Thursday, May 12, 2016

Steven Dietz Sweetly Eludes Serendipity in THIS RANDOM WORLD

Playwright Steven Dietz is both prolific and versatile. His plays range from God's Country, a scary, fact-based exposé of white supremacists in the Northwest, to Private Eyes, a theatrical and romantic play that peels away layers of lies and fantasy around lovers who also happen to be actors, Lonely Planet, which piles up chairs to talk about AIDS, adaptations of Dracula and Ibsen's An Enemy of the People, several musicals, and Bloomsday, the recent Steinberg/ATCA citation winner that deals with two mismatched people who meet on a tour of Dublin centered on James Joyce's Ulysses.

You'll see a lot of relationships, especially thwarted or flawed relationships, in Dietz's plays, as well as a message about getting out in the world and actually living life. That's certainly on display in This Random World, the play Dietz premiered at last month's Humana Festival of New American Plays. The play's subtitle is "the myth of serendipity" and that describes This Random World rather nicely, as a collection of sweet, nice, eccentric people fail to connect with each other, often passing like ships in the night.

There's sister and brother Beth and Tim -- she's taking a trip to Nepal in an attempt to LIVE before she dies, while he's a stay-at-home guy who has failed at love and work and isn't quite ready to push past his perceived failures -- and their mother, Scottie, whose life is a lot more interesting than her children think. Around their axis spin Bernadette, Scottie's warm and competent aide; her sister Rhonda, who works at a funeral home; Tim's ex, loopy Claire; and Gary, Claire's current boyfriend who is about to break loose.

Their plotlines intersect, but never really connect, and that kind of almost-but-not-quite is Dietz's main point. He sets up the standard dramatic expectation that when these characters finally meet, there will be dramatic sparks and a POW! SOCKO! payoff. But that's what Dietz is exploring, the notion that serendipity is more likely to make us miss each other than collide.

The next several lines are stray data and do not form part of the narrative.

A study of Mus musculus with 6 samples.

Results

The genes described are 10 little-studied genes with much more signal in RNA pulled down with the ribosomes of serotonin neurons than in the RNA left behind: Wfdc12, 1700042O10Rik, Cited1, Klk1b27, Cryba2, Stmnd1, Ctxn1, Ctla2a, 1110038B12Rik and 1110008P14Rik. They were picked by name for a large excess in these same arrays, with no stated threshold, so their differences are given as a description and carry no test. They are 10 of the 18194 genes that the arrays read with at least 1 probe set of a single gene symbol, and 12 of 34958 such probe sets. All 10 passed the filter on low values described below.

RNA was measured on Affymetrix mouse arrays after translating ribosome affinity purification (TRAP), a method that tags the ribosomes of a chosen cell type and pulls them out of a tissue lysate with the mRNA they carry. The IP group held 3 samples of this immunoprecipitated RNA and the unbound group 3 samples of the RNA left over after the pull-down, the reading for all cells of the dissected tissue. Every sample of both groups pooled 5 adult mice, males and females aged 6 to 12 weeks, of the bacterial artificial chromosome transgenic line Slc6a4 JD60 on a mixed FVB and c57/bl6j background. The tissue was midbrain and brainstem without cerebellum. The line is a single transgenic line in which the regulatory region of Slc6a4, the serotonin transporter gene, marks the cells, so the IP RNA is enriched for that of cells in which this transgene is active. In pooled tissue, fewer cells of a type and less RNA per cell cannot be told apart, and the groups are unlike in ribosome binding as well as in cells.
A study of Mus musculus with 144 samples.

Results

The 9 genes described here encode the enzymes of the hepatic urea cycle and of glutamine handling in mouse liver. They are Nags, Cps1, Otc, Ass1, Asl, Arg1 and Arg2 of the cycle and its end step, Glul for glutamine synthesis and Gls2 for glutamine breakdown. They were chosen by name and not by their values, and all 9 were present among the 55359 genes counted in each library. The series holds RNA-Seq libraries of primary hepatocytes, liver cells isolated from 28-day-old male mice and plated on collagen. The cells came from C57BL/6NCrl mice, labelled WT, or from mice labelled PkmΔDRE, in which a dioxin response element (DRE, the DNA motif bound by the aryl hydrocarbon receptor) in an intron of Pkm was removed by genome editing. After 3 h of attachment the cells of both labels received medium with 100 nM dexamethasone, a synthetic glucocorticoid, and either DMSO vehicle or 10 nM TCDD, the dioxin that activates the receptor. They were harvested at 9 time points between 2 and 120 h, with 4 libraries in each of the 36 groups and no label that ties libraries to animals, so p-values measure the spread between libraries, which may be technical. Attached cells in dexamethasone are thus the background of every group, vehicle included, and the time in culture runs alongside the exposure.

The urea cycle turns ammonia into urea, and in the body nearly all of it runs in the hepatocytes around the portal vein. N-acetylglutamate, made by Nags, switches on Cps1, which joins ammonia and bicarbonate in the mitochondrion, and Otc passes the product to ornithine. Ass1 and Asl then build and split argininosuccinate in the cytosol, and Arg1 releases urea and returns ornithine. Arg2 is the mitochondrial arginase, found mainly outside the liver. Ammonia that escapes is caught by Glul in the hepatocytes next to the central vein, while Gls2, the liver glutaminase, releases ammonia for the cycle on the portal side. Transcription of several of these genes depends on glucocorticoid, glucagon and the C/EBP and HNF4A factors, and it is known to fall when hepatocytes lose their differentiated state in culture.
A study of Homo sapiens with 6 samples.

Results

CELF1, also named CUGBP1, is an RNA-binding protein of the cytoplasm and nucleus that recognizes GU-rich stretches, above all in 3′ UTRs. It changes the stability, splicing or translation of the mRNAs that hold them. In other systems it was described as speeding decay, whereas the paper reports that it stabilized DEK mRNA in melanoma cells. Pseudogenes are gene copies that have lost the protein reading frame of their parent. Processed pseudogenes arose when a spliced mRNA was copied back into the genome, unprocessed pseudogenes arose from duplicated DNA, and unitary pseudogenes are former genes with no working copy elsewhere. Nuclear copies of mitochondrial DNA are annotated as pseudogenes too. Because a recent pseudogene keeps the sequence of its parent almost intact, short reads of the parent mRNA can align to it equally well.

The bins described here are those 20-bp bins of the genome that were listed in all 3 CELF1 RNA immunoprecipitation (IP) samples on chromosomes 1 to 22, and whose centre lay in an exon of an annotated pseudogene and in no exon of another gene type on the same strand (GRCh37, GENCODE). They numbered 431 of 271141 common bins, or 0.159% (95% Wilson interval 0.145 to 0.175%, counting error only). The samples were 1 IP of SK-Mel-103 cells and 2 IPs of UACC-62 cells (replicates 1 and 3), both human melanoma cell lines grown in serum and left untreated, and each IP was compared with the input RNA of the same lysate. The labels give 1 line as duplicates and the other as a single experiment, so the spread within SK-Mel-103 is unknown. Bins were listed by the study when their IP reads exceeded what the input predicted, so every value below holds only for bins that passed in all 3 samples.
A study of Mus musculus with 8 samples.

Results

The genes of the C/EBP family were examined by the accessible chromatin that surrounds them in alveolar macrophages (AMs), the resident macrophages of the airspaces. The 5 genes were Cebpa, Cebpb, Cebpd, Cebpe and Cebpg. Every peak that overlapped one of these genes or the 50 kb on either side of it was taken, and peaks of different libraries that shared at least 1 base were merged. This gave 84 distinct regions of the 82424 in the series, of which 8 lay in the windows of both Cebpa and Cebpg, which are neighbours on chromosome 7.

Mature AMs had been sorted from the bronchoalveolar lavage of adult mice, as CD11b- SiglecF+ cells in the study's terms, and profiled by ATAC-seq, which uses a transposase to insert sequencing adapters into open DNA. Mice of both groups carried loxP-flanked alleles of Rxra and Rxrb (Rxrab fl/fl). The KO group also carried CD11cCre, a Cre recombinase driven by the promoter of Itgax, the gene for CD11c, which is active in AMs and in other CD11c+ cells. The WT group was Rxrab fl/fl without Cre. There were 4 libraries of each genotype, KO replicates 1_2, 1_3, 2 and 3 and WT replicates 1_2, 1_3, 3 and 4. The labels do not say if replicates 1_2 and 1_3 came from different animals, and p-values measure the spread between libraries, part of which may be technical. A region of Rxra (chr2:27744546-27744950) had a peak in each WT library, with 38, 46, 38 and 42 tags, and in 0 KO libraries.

And so This Random World actively and purposely avoids the expected payoffs. Or, as Actors Theatre of Louisville's materials on the play frame it: "Mining the comedy of missed connections, This Random World asks the serious question of how often we travel parallel paths through the world without noticing." In that way, This Random World ends up giving its audience the same "if only" ache the characters feel. It's a whole lot more satisfying than you might expect from a play that sets out to leave its characters unsatisfied.

In its Humana Festival production, This Random World was lovely and real, quite funny and quite sad. Part of that is on the page, as Dietz and the surprises he built in keep the characters and action moving smoothly.

And part was due to director Meredith McDonough's inventive staging, which employed a stream of costumed stage hands from Actors Theatre's apprentice company sliding in, out and through the Bingham Theatre's in-the-round space between scenes, showing us more of those people traveling "parallel paths through the world" even as they seamlessly changed the scenery. It was a neat trick that underlined the central idea.

Deanna Bouye (L) and Beth Dixon in This Random World at the Humana Festival
Photo credit: Bill Brymer
McDonough's cast did fine work across the board, with Beth Dixon terrific and vivid as Scottie, who knows her own mind and brooks no objections, and Deanna Bouye a delight as Rhonda, the one who thinks it's perfectly normal to offer coffee to a spirit who just walked in the front door. Nate Miller's Tim and Renata Friedman's Claire were also appealing and absolutely believable.

Dietz's plays have enjoyed a great deal of success in regional theaters over the past thirty years. Let's hope This Random World shows up, too. I'd like to see it ten or twelve more times, myself.